Andy Dalton has thrown 19 of his 20 TD passes this season when he isn't pressured by opposing rushers. Bob Levey/Getty Images

CINCINNATI -- For as many strides as Andy Dalton has made in displaying consistently strong play this season, there still is one area where he has struggled.

The numbers show the Cincinnati Bengals quarterback still doesn't handle pressure from opposing pass-rushers very well.

Sure, few quarterbacks do, but according to ESPN Stats & Information, Dalton's Total QBR when facing pressure is a mediocre 6.9, ranking him 24th among qualifying quarterbacks. That's right in line with the career 4.3 QBR he has when dealing with pressure, a figure that ranks him 26th among qualifying signal-callers since 2011, the year he began playing.

Alternatively, Dalton's 91.7 QBR this season when he isn't pressured is the best in the league. Without pressure, he also has thrown 19 of his 20 touchdown passes (he had 19 overall touchdown passes all last season), ranks fourth in passer rating (112.3) and eighth in completion percentage (70.9). When he has time and isn't running for his life, Dalton has been able to make a lot of good happen. When his pocket isn't as secure, problems arise.

The Arizona Cardinals must have seen that in their preparation. Per Stats & Information, the Cardinals sent pressure on 18 of the 71 snaps Dalton took Sunday night. That's the most times he has been hounded that way in a game this season. In the loss to the Texans the previous week, he was pressured 12 times.

During the Bengals' 8-0 start, Dalton was pressured an average 6.8 times per game. With pressure on just 84 plays this season, Dalton is one of the league's least pressured quarterbacks.

Although the numbers didn't much show it, Dalton's coaches thought he handled the Cardinals' added pressure OK.

"They're a good defensive football team, they've got good rushers and they brought the heat from everywhere," offensive coordinator Hue Jackson said. "They're entitled to do that. It's not illegal for them to do that. We've just got to block it better. But for the most part, we blocked some things and some of the layups [wide-open deep passes Dalton missed] we're talking about, if you hit some of those maybe the pressure slows down. But if you don't hit them, the pressure increases. That's just kind of the nature of football."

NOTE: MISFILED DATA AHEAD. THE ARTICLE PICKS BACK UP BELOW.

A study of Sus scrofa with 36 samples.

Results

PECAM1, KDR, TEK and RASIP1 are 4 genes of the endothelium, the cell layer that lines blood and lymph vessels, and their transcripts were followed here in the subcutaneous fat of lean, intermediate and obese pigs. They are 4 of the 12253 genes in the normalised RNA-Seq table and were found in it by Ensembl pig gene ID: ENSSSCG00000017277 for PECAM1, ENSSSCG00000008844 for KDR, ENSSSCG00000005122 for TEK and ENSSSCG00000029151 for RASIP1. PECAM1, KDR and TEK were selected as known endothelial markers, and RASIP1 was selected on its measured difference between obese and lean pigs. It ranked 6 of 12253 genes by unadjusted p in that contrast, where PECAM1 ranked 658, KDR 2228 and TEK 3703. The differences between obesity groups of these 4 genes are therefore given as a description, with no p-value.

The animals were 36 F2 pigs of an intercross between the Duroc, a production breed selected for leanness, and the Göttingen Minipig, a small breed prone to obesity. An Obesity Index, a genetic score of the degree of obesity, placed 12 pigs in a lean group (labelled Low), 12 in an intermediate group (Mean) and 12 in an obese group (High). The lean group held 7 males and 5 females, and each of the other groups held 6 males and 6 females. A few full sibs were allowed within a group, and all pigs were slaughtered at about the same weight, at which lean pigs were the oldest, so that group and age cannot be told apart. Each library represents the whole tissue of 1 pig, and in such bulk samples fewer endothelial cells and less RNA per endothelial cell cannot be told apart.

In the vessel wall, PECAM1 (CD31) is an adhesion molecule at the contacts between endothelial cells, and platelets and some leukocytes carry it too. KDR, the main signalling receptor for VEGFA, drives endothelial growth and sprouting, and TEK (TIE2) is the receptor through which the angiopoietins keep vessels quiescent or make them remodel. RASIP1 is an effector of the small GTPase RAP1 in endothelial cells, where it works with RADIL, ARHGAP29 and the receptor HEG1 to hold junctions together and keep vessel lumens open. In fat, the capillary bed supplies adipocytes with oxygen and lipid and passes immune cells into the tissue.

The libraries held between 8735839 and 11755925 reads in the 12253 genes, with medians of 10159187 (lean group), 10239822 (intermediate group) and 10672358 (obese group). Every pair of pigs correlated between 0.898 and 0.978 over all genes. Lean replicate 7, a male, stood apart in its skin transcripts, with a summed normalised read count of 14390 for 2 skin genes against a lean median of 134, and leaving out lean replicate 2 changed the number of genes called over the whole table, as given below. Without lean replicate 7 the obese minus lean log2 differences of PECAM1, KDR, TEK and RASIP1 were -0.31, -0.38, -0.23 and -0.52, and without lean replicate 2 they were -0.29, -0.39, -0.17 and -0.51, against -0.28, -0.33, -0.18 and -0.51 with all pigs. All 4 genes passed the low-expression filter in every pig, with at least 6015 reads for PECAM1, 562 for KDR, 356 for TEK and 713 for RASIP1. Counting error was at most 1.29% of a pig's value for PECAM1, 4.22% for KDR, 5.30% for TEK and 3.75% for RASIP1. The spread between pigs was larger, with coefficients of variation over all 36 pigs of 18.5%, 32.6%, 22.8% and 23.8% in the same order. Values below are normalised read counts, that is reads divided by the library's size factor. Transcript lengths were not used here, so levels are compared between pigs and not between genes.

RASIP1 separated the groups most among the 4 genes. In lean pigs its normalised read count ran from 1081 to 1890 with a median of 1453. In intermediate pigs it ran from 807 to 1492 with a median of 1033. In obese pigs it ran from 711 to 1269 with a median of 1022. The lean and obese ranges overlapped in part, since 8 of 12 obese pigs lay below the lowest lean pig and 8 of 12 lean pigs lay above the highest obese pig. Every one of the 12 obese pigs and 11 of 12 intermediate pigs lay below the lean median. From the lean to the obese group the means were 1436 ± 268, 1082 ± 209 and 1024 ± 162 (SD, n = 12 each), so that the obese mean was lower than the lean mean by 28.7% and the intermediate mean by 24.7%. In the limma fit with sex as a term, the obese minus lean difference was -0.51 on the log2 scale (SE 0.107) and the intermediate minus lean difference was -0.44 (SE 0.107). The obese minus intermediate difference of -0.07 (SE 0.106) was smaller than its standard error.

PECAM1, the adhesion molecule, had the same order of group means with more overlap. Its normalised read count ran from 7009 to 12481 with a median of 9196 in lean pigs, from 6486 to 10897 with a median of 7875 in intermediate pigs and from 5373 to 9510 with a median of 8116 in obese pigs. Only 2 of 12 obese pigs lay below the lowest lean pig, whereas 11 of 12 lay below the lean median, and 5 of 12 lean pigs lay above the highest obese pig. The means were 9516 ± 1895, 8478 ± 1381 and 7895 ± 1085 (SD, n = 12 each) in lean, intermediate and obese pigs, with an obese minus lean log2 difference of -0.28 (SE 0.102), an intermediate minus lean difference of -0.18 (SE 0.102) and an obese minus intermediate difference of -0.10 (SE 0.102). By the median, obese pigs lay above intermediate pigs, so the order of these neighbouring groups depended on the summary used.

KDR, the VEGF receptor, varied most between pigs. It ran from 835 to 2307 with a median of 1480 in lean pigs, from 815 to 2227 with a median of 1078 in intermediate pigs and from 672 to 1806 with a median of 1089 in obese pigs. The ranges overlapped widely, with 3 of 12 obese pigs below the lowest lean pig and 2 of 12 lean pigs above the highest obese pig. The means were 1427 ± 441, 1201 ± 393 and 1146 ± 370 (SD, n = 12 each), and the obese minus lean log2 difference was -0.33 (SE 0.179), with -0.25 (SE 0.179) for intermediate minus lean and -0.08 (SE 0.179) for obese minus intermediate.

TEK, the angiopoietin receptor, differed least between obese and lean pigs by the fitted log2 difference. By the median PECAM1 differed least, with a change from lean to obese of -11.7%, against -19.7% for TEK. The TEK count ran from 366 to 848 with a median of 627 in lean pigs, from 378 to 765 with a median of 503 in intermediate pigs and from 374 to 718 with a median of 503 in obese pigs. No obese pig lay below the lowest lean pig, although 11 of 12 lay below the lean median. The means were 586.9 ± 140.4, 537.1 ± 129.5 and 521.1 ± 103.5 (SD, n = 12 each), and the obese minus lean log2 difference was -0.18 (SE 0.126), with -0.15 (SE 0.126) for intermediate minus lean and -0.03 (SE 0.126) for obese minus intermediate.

Although he attempted more deep passes -- balls thrown 15 or more yards downfield -- Sunday than he has in any game this season, Dalton posted some of his worst deep-passing numbers. He completed only two of those 10 throws and completed a season-low one for a first down. The play when he best beat Arizona's blitz came when he dumped off a short screen pass to Giovani Bernard just before halftime. The running back then sprinted 41 yards to put the Bengals in goal-line territory ahead of their first touchdown of the game.

Late Sunday, the Bengals found they could best move the ball by going regularly to Bernard on underneath throws.

Dalton's four sacks behind a constantly attacked offensive line matched his season-high against Houston and Seattle.

"That's the other part of it; you just have to keep playing, identify things and get it corrected," coach Marvin Lewis said. "We lost occasionally in those situations but all in all, we protected the quarterback very well. We have to continue to be better, because we don't ever want him touched. He did a very good job of avoiding the rushing and feeling sometimes the loss of containment because of the overload [defensive formations], and then stepping around and making plays. We have to continue to do a good job on the perimeter in those situations, providing a target for him."